Taming our Hostile Streets

Earlier this week I launched Hostile Streets: Walking and cycling at outer London junctions following my investigation on behalf of the Assembly’s Transport Committee.

Londoners who want to walk to school, cycle to work, or pop out to the shops face hostile streets that don’t meet their needs – particularly in outer London. Main roads and busy junctions disrupt journeys, and make walking and cycling less enjoyable, less convenient and less safe.

I started the study after talking to people who live near the North Circular who told me they would drive a few hundred yards from their homes on one side of this busy trunk road to the shops on the other, simply because there was no convenient walking route. This is clearly absurd, all Londoners should be able to walk and cycle around their neighbourhoods in safety.

Getting the report out meant a battle over a recommendation about TfL doing more research on the changes set out in British Cycling’s Turning the Corner Campaign. The arguments against this are set out in the minority report however we had unequivocal support from Manchester’s walking and cycling commissioner.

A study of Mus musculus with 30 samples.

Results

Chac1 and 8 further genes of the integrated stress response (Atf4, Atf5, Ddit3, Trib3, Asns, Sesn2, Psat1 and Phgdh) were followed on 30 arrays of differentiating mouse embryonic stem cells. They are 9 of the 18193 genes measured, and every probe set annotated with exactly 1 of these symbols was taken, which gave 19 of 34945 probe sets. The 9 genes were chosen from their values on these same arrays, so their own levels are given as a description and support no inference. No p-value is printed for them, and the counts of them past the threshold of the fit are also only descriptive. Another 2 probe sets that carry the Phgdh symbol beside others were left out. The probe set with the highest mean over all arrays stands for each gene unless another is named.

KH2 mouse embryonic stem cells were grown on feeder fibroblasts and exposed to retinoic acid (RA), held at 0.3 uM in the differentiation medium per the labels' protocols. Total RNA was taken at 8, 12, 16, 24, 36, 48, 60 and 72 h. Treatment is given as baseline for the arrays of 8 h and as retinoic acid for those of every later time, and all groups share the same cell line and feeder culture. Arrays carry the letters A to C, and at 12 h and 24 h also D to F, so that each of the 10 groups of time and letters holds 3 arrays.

We are one of only three countries in the world to manage our junctions this way. Studies show that by following the rest of the world and introducing a give way when turning rule, UK junctions can be made up to 40% more efficient, which can be used to cut waiting times for drivers or bus users depending on the priorities needed at a particular junction.

Chris Boardman, British Cycling policy adviser 

On the evening I welcomed my dream panel to discuss the recommendations drawn from the report

– Lucy Saunders, who has done so much to link public health with the public realm and get that into TfL’s DNA
– Rachel Aldred, a cycling academic whose work has provided hard evidence on risk and conditions for cycling
– Brian Deegan, a transport engineer who worked for TfL for many years and knows where the bodies are buried!

And our fantastic chair, the director of Urban Movement John Dales, who deftly kept us and the audience in check.

Some of the comments people left about the recommendations:


We had a lively debate in the room and on Twitter – you can follow the conversation below and add your own thoughts on our hostile streets and the recommendations in the report by leaving a comment at the bottom of this page.